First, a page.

Borrowing: “Holy of Holies” by Truth

Andy Chrisman

Anybody remember the group Truth? I see that hand! Well, Truth came before I was born and (eventually) went before I knew they existed, but now the wonder of digital media allows me to enjoy their music (well, some of it anyway… 😉 ). Recently I dug up a classic 80s oldie from them featuring none other than James Andrew (“Andy”) Chrisman of 4Him (who made up the male half of Truth’s roster for an exhausting three years before they spun off and took off on their own). When I was a little tyke, my ears would always perk up when a 4Him song featuring Andy came on the radio. His clear voice is so distinctive I could recognize it immediately. I remember getting particularly excited whenever my local station would play “Where There is Faith,” both because it’s a great tune and because Andy just sounds flat-out good on it. It was one of my favorite songs before I was even old enough to understand how good it was.

Later I listened to more of 4Him’s stuff and got familiar with the other guys too (especially Mark), but Andy has always remained my favorite. I guess I’m just a sucker for clean-cut dudes with pure tenor voices (see also Wes Hampton, Steve Green, et. alia). At his very best, I have difficulty imagining a purer one than Andy’s. What’s unfortunate is that he didn’t always take care of it that well. One moment it would be sweet and angelic, like liquid gold, but the next moment he’d be deliberately roughening it up, sometimes practically tearing his throat out. So even though he’s a great tenor, one of Christian pop’s all-time finest, I wouldn’t rank him as highly as some of my other favorites because he suppressed the full beauty of his gift. (I was discussing this with Wes Burke recently and discovered he feels exactly the same way.)

However, “Holy of Holies” is definitely one of his absolute best vocals, recorded when he was in his early 20s. I didn’t embed his live performance with Truth because he plays up the rock angle and growls waaaaaay too much. His studio vocal may not have as much “oomph,” but it’s MUCH cleaner and is the version I’ve chosen to embed here. (By the way, I can’t seem to find out the name or release date of the project this originally came from, so if somebody out there knows, please leave a comment. I know it had to have been between 1987 and 1990, but I don’t have anything more specific. Update: Ha! I found a recent tweet from Andy Chrisman where he mentioned the date, and it was 1988. My, my, only 22…)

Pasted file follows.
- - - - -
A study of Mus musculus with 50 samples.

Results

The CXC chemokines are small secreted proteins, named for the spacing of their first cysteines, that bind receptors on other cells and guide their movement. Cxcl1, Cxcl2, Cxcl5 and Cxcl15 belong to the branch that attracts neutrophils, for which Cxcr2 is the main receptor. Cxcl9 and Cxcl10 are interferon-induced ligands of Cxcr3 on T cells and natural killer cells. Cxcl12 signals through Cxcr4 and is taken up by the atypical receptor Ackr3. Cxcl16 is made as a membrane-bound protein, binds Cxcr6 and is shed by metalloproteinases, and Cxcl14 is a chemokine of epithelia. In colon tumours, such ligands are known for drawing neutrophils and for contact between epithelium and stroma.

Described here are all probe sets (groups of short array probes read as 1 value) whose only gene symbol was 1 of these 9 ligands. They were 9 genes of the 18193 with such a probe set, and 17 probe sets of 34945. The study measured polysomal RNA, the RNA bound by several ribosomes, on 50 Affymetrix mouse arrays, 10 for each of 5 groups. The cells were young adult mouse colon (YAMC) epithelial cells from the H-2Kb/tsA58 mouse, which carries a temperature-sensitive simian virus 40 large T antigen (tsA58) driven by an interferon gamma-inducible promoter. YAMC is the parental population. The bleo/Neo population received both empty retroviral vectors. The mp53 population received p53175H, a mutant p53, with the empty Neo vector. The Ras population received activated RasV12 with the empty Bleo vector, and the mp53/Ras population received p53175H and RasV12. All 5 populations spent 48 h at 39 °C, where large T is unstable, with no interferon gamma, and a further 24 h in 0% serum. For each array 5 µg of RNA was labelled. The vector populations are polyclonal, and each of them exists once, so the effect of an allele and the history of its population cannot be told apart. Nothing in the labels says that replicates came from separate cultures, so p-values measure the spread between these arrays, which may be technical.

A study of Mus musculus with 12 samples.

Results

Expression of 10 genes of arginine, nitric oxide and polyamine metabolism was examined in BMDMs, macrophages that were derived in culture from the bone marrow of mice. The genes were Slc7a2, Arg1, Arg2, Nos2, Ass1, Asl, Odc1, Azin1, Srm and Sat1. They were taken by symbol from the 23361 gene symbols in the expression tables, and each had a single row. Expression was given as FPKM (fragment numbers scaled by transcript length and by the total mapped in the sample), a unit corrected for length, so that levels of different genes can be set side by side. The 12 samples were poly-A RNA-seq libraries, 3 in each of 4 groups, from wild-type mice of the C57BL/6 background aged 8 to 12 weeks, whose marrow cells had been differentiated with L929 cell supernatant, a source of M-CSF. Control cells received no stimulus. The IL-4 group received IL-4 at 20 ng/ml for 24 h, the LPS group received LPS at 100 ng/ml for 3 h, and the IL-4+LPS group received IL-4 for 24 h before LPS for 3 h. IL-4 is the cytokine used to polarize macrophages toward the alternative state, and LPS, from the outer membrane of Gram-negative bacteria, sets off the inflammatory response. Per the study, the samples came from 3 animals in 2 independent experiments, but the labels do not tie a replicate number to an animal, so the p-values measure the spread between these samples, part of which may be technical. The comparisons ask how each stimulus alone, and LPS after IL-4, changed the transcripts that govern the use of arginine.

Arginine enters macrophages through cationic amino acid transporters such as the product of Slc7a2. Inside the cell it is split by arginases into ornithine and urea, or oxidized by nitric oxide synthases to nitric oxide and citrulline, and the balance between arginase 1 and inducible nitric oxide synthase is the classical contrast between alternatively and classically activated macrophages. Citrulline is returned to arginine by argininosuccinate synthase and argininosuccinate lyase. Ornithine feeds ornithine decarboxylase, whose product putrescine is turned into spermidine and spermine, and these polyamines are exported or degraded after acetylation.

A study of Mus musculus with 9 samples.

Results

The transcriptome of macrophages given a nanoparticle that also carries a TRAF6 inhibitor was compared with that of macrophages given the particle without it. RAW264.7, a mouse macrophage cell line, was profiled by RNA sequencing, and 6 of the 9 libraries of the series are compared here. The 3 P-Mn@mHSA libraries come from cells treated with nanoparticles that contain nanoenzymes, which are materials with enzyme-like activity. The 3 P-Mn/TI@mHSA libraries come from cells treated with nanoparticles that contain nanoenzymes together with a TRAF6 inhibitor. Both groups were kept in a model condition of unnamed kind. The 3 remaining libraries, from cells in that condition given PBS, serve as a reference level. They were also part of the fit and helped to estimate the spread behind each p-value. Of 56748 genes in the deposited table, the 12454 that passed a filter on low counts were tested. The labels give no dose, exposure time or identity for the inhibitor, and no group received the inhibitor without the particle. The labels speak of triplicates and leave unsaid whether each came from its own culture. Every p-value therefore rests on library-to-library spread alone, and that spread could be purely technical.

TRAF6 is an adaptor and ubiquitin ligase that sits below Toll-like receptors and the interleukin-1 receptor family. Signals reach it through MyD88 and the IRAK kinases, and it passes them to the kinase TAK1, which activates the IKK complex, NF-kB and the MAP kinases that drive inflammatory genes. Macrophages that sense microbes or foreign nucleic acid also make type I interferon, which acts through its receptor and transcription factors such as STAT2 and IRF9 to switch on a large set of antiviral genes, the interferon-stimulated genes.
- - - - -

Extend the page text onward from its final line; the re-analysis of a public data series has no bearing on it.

The production obviously wears its age on its sleeve, but it’s a classic song and seems tailor-made for a southern gospel translation to me. At one point, I was leaning towards a Brian Free & Assurance interpretation. It seems to fit their style, and Andy is Brian’s favorite singer anyway, so that would make it doubly fitting (though Brian is virtually incapable of growling, which is just fine and means good things for the longevity of his voice). But at the moment I’m thinking I’d really like to see what Wes Hampton could do with it. Some of Andy’s high notes here actually remind me of Wes. Only thing is, it might not quite mesh with the GVB’s current sound. But supposing he were to record another solo album? ‘Twould be a highlight, yes?


10 thoughts on “Borrowing: “Holy of Holies” by Truth

    1. Actually, I’ve only done three of these, and in the first one, I said that BFA was an option but ultimately settled on Anthony Facello and Beyond the Ashes. In the second one, I said Wes would be an option (as well as Riley Clark) but ultimately chose Gus Gaches as the very best fit. So if you look closely, there’s more variety there than you think. 🙂

    2. quartet-man

      Who would be the best at covering George Younce’s “This Ol’ House” solos, why Wes and Brian of course. 😉

  1. Clarence Grigsby

    This was done by the SG quartet Priority(featuring their lead singer, not their tenor and future short lived Cathedral Kurt Young) in the late 80s and recently by the Dills. Both had really good versions.

    1. Very interesting! Thanks a lot for the info. Shawn sounds really nice on it. Of course it’s less exciting in a lower key, but he’s got a very clean voice that works well for the song.

  2. Clarence Grigsby

    I’ve only got Priority’s version on LP, so I can’t share that one. Somebody I knew had it on a compilation video, but I can’t recall who it was.